Saxon/Hart Raises Money for Beloved NYC CrossFit Trainer Stricken With Cancer
Eric Shapiro

October may officially be Breast Cancer Awareness month, but it also provides us with the opportunity to combat other forms of cancer that are not as well known but can be just as devastating. Saxon/Hart, a unique, inspirational cause marketing firm that reinvests its net profits into direct impact, giving forward initiatives, has done just that. In an event organized in partnership with Dane Professional Consulting Group and Stonehenge Partners, Saxon/Hart and its founder, Heidi Burkhart, set out to raise awareness of colorectal cancer. At the center of this #blankcancer campaign (fill in the blank with a verb of your choice before the word cancer) was Will Lanier, a beloved instructor at Brick Crossfit, located at 257 West 17th Street. Saxon/Hart’s event consisted of two days of classes, in which attendees were invited to make donations to fund Will’s steep medical expenses. For more details on the event as a whole, check out our previous coverage. In the meantime, here’s our conversation with Will Lanier about the challenges of living with colorectal cancer.

FH: How does it feel having all these people mobilize to help you?

WL: It’s so humbling. Never did I think it would be as big as it’s become so quickly. We rallied my gym together and all our friends. Now we have people in California and Nashville and all over the country.

FH: What are the biggest challenges you’ve faced?

WL: Dealing with all the things that my body is now going through. They take out parts of your body. Adapting to change and trying to live like before.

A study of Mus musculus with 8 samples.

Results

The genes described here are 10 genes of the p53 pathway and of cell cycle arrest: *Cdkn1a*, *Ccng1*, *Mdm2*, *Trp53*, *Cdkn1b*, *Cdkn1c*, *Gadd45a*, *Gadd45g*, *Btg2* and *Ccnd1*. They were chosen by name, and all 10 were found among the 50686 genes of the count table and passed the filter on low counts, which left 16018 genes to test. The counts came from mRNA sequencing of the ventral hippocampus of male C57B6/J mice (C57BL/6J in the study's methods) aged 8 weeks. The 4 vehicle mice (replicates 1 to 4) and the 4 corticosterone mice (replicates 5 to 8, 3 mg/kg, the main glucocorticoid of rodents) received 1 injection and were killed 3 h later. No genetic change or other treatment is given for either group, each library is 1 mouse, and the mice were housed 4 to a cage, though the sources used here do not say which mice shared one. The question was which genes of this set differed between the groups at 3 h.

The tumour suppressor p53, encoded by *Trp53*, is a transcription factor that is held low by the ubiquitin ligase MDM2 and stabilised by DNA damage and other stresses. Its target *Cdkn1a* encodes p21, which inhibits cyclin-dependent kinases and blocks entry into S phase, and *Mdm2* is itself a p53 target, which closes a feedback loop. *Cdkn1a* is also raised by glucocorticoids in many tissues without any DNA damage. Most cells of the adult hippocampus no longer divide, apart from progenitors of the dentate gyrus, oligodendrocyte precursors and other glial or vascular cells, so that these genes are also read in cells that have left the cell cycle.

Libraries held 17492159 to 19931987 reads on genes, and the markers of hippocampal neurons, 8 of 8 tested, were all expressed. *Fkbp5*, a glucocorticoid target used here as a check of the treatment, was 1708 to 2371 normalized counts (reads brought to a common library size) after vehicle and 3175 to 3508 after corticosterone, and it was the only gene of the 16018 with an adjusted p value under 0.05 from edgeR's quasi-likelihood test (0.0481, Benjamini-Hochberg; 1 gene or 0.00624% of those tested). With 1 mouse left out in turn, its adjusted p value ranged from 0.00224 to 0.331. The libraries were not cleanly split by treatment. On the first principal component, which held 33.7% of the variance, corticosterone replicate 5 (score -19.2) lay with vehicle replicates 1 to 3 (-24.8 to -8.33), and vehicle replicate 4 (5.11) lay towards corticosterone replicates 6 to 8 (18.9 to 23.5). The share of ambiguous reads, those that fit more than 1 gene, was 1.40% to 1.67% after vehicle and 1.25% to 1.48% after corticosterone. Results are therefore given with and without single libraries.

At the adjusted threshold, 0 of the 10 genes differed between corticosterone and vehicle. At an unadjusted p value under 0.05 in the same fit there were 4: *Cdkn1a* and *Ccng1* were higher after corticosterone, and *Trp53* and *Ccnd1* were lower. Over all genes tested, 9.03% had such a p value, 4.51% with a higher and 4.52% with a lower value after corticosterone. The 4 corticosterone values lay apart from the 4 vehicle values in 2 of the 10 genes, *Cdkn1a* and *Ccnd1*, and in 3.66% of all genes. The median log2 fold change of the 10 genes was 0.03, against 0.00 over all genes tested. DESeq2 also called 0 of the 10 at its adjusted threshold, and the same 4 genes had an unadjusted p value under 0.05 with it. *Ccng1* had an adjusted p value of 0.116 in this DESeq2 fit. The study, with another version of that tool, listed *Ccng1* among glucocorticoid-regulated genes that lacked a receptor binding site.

FH: What’s your attitude as you deal with such adversity?

WL: I kind of take every day as it comes and I don’t dwell on anything. I’ve been saying a mantra to myself: life is only as hard as you make it. I wake up and approach my day with the mentality that everything that’s coming to me is great and good and positive instead of falling into a puddle of tears.

FH: Has it been difficult to modify your workout routine?

WL: Emotionally it’s been killing me. I do CrossFit, so we do heavy weights. I haven’t been able to do any of that. I’m not allowed to lift more than 10 pounds. I’ve been running more and doing body weights. Which is great, because I can actually do something. But I haven’t had what I consider a real workout since July 30th. But I’m happy I can do what I do. I have this apparatus called a stealth belt that supports all the medical equipment so I can run and be active. Things have changed, but I haven’t let them deter me from finding a way to work out.

FH: What did you learn about yourself?

WL: I’m more mentally strong than I thought I was. I’ve met a lot of really great people and I’ve grown in confidence in having to deal with all this. I’ve noticed that I’ve got to be proactive about my life more than I was, letting it pass by.

FH: If you had to tell people one thing about colorectal cancer, what would it be?

WL: Getting your colon checked is a bigger deal than other cancer screenings, but you have to do it. What I’ve learned from my research is that if you’re having any sort of issue, go to the doctor immediately. It could be a passing issue or it could be something more. Don’t be afraid to talk to your doctor about bowel issues. It’s awkward to bring up, “I have to go to the bathroom all the time.” I would say to people: don’t just think it’s a passing symptom if it’s lasting more than a couple of days. You’ve gotta get it checked–30 is the new 50.

FH: What are some of the risk factors?

WL: They don’t know exactly what causes it in younger patients. It’s a blend of environment, stress, genetics and diet. They’re doing this thing called precision medicine where they’re taking tissue samples and running genetic tests on it and figuring out the genetic causes based on my symptoms.

FH: What is the prognosis?

If you catch it early, there’s a 98 percent success rate. I caught it early. The problem is that people aren’t going to get checked when they have something, and by the time it’s caught it’s in stage four or five.